There’s a new business buzzword spreading like Strep Throat. I’m betting it’s still in the early adoption phase, but these viral epidemics (pandemics?) move quickly.
After my January 2013 article in Professional Builder, “3 Ways to Huge Profits Through Lean Design,” was published, I was thrilled to get a shout-out from a faithful reader regarding a costly insulation mistake. It was too good not to share. Here is what he wrote:
I wrote my first article on the coming trade shortages last October about the perils and politics of immigration policy. I wrote the second one in December providing a 10-step immunization plan to protect a builder from the effects of trade shortages. I receive so much mail, pro and con, that for February I published two of the best letters and commented on them.
Michelle Jennings Wiebe is helping to spread the message that new homes are better than resales. Wiebe, president and principal designer of Studio M, an interior design firm in Tampa, Fla., offered tips for house hunters in a recent article. Some of the items on her “what’s in” list include:
Considering the millions of people wandering around with chins buried in their chests, thumbs ablaze on glass keyboards, few would suggest the smartphone is underutilized.
When I travel with my wife, or sometimes just run to the grocery, cleaners or hardware store, she frequently has to remind me, “Scott, remember, you are NOT in charge here.” Many of you fellow Leanistas know the drill. You hardly ever see a restaurant, a checkout, a meat counter at the supermarket, a parking lot or God help us a TSA line at the airport – in our out – that we could not spend 5 minutes rearranging and save folks a ton of time and money.
When I was part of a growing home building company we learned to be on guard for the newest “technology” coming down the pike that promised to revolutionize our home building business. We called the condition of falling for these fantastic technology claims the “allure for the sexy lady of technology.” Thirty years later, it is safe to say, some things never change. Before I expand on the latest siren of technology, let me give you the results of a couple recent studies.
Studies show that across industries Cost of Quality (Failure, Appraisal & Prevention) is: 2.6-4% of sales revenue. In the construction industry the Cost of Quality profile is: 70% spent on Failure Costs 25% on Appraisal Costs and only 5% spent on Prevention Costs. The cost of correcting deviations from construction specification is 12% of project cost whereas the cost of providing quality management is only 1-5% of project cost. A research study found rework costs on a study of 260 construction projects:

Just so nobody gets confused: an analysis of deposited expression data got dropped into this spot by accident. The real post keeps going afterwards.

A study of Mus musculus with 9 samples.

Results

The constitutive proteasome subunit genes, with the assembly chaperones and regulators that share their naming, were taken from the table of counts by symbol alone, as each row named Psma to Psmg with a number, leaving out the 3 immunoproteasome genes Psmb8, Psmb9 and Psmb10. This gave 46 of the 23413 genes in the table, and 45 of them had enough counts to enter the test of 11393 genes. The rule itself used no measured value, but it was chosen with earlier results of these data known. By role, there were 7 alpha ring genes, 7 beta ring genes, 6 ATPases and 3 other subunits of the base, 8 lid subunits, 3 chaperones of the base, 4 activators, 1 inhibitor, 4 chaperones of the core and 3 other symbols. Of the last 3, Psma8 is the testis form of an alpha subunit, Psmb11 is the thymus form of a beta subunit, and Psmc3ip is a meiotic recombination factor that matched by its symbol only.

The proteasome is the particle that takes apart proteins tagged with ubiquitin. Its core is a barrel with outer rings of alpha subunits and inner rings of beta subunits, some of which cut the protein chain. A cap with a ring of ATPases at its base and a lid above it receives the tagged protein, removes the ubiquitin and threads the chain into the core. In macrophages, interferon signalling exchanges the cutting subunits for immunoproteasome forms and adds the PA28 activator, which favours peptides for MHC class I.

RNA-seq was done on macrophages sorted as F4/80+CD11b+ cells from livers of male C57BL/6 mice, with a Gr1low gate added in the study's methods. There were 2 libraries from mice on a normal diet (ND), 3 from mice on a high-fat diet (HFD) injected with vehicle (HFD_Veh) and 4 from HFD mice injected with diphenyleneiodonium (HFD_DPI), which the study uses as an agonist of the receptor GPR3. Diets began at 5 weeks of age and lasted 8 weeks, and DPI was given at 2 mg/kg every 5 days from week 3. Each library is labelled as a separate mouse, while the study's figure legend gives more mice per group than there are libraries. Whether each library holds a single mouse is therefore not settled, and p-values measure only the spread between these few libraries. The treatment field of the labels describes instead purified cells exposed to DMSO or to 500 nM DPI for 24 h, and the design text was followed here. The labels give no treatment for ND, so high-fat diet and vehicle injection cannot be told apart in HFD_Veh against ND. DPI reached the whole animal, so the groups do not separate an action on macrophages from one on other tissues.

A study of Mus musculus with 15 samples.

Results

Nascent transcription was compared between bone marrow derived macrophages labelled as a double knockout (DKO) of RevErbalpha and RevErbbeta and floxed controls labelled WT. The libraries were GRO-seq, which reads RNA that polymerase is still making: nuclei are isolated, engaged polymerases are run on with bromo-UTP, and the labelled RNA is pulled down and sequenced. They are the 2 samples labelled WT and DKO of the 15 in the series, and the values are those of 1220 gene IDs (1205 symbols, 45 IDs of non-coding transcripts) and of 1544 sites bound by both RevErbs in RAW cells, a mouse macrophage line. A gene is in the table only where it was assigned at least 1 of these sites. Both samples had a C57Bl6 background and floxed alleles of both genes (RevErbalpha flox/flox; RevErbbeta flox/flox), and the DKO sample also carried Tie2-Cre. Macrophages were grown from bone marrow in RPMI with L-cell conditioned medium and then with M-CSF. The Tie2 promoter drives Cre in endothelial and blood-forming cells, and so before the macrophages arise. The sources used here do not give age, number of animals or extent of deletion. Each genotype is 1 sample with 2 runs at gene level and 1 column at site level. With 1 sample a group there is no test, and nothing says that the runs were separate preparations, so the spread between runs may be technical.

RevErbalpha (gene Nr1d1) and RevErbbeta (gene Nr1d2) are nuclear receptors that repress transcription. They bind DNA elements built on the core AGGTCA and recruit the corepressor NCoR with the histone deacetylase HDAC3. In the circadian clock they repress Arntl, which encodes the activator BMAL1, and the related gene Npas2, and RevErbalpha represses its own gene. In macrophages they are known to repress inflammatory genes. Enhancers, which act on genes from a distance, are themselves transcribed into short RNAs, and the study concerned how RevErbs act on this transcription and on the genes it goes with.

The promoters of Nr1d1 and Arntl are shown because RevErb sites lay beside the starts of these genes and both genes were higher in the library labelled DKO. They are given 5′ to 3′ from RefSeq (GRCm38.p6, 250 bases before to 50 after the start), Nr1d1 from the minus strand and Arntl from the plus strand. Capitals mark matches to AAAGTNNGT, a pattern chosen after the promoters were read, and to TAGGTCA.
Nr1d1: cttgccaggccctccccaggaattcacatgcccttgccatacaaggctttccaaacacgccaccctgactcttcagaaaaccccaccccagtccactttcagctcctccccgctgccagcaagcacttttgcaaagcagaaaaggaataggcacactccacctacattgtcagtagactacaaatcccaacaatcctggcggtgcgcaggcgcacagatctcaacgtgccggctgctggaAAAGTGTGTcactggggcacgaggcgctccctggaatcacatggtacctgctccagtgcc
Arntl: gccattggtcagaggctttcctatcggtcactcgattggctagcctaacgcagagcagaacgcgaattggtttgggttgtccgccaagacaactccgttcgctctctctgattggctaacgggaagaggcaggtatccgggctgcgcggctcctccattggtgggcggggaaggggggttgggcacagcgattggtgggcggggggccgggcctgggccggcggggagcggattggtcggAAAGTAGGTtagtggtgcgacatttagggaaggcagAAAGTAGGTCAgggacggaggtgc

Did you know that Bronson Pinchot has a show on the DIY Network? That’s right, folks — Balki renovates houses!
Green building has touched nearly every new-home price point in urban areas as well as the suburbs. A recent Chicago Sun-Times article touted Avondale as “the hot new West Side neighborhood.” In Avondale, an architecturally diverse neighborhood of vintage homes, walkups and new residential construction, the single-family houses are the best value, according to the Sun-Times.
Why has high school Spanish failed so many students?
It is not a secret to regular readers that increasing a home builder’s customer satisfaction increases referral sales. Many home builders blow away the 15% national average of referral sales and achieve 40-50%, by virtue of meeting the customers’ hierarchy of needs and having in place a respectful referral sales strategy.
Today we have a ranch (or if you are on the East Coast, a rambler) to review. It is a Lean Design with a ton of amenities, and it is a beauty. I’m betting Brent Musburger would have a field day with this looker. Let’s explore further: A. Open kitchen plan is perfect for entertaining and allows a direct site line to the Great Room fireplace (and TV). B. A fan favorite -– the laundry room is accessible from the master suite. This is one of the most popular trends that I encounter throughout the country.
I subscribe to the print editions of several publications, including Architectural Digest. Go ahead and call me old school — I know I’m not the only one who prefers to flip through the pages of a glossy magazine when there’s a big story beckoning.
A report last year by the NAHB Research Center found that “increasingly, today’s homebuyers want energy-efficient, low-maintenance, well-insulated and well-sealed homes. Survey data in the last few years has also shown that consumers are willing to pay a premium for these types of homes and that they are typically more satisfied with them than with their previous, less efficient homes.